Renew Indianapolis gets $85K grant as it joins national housing network

Community development not-for-profit Renew Indianapolis will have $85,000 more in its coffers after signing on to a national network of affordable housing organizations, the group announced Monday.

Renew will join congressionally chartered not-for-profit NeighborWorks America as its first central Indiana-based member after a months-long selection process. The designation comes with an $85,000 unrestricted federal grant, and the opportunity to tap into NeighborWorks’ technical and training resources, according to a news release.

“Access to the NeighborWorks network provides a lot of support to Renew Indianapolis and community development across the city,” said Renew CEO Steven Meyer at a news conference. “It is obviously financial, but also skills training and a support network from around the country of people who are developing best practices. … Really, it is a comprehensive support network for those of us who are working on comprehensive community development.”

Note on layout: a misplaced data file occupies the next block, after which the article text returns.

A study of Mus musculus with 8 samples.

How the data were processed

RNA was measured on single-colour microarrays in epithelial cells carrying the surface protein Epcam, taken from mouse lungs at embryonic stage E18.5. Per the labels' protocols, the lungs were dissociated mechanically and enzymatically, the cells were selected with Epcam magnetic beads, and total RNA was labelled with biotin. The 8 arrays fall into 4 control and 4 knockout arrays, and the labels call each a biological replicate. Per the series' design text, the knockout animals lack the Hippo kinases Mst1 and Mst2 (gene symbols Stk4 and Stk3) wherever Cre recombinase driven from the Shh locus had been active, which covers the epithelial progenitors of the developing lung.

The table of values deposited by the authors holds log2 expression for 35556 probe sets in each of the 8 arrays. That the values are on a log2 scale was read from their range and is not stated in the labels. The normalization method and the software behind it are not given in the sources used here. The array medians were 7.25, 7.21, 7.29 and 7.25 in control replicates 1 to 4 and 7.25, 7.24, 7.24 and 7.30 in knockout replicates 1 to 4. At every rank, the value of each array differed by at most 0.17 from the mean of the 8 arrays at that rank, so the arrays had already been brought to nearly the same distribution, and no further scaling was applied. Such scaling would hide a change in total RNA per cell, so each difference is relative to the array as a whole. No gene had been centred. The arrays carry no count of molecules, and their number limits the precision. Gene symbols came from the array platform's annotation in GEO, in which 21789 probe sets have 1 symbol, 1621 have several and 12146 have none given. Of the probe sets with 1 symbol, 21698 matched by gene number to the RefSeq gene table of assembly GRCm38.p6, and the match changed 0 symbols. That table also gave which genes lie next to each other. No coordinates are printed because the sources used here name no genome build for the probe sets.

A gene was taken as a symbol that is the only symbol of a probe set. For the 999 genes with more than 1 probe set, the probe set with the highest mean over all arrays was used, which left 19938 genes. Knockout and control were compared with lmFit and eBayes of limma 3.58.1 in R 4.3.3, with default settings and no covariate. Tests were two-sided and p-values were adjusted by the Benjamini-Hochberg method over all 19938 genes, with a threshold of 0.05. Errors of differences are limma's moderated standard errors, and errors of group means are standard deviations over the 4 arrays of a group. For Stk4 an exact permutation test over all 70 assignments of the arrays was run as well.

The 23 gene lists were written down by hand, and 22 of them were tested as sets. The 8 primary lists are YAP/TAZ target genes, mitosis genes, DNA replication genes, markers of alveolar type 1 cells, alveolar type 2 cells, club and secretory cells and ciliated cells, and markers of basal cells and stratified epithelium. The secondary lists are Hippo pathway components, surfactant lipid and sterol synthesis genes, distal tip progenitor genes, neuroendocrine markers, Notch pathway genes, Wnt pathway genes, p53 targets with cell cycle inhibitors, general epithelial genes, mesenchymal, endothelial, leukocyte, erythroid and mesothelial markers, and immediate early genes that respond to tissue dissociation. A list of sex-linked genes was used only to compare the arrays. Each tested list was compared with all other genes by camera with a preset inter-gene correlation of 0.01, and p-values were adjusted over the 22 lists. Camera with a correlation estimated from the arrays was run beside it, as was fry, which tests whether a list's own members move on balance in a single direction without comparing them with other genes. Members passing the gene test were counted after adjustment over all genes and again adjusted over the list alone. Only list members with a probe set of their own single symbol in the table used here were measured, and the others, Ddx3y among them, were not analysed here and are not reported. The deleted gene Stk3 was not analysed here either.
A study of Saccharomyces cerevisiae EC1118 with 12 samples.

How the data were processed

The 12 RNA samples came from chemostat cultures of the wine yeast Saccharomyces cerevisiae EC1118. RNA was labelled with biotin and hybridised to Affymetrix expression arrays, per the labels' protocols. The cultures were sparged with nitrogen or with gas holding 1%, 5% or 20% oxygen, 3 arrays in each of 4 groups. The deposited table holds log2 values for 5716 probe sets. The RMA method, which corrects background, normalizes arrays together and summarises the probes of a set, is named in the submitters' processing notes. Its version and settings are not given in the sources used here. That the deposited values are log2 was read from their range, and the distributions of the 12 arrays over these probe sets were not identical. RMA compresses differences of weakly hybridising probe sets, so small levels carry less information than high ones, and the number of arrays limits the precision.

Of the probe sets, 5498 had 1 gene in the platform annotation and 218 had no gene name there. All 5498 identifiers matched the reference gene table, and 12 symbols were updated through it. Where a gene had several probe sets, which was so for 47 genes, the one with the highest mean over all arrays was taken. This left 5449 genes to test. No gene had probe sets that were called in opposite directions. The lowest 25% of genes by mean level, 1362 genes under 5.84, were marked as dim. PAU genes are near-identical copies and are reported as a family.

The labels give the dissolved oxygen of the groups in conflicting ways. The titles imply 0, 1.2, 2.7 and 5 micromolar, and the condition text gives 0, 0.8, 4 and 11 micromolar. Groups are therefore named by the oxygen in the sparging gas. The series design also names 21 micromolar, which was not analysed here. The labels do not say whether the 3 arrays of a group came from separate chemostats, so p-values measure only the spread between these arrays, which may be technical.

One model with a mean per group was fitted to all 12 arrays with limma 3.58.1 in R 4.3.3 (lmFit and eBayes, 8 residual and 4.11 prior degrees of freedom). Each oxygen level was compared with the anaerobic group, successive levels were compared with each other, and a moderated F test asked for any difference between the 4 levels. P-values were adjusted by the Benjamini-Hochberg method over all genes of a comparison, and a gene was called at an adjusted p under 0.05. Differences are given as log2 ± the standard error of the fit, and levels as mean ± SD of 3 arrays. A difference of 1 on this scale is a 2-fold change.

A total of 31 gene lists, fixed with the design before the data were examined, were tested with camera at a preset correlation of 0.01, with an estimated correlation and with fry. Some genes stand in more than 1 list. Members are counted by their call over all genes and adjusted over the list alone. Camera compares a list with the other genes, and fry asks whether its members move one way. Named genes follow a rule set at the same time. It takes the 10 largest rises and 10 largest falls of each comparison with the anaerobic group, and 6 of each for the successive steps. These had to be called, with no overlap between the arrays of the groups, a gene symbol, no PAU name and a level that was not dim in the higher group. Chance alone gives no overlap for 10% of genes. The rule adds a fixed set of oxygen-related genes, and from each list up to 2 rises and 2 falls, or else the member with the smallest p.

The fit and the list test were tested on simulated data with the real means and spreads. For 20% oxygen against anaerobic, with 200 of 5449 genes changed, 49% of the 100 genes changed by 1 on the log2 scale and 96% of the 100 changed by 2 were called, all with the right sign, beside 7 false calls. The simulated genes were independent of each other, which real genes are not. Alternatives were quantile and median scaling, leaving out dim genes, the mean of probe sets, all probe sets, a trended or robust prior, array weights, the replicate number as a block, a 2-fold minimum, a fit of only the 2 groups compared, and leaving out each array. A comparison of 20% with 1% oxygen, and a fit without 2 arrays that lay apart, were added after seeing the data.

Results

Renew renovates and builds affordable housing, operates a land bank allowing people to rehabilitate abandoned properties and offers a variety of loan products to homebuyers, homeowners, small businesses and developers.

The organization will put the money toward projects it already has in the works, like its work in the Martindale Brightwood neighborhood through Lift Indy, Meyer said.

“Residents should be able to dream of homeownership, especially those who love their community, want to see it flourish and want to stay a part of the neighborhood that they deeply love,” said Mayor Joe Hogsett.

Three other Indiana-based organizations, all farther north, are also part of the national network, alongside nearly 60 scattered throughout the Midwest, said NeighborWorks President and CEO Marietta Rodriguez.

“Everyone is entitled to affordable housing that is safe and decent, where they can be part of a stable community, particularly during these times where we’re often accessing education, employment and even health care from our homes,” Rodriguez added. “The pandemic has shown that home matters and is critical to our stability of our families and our communities.”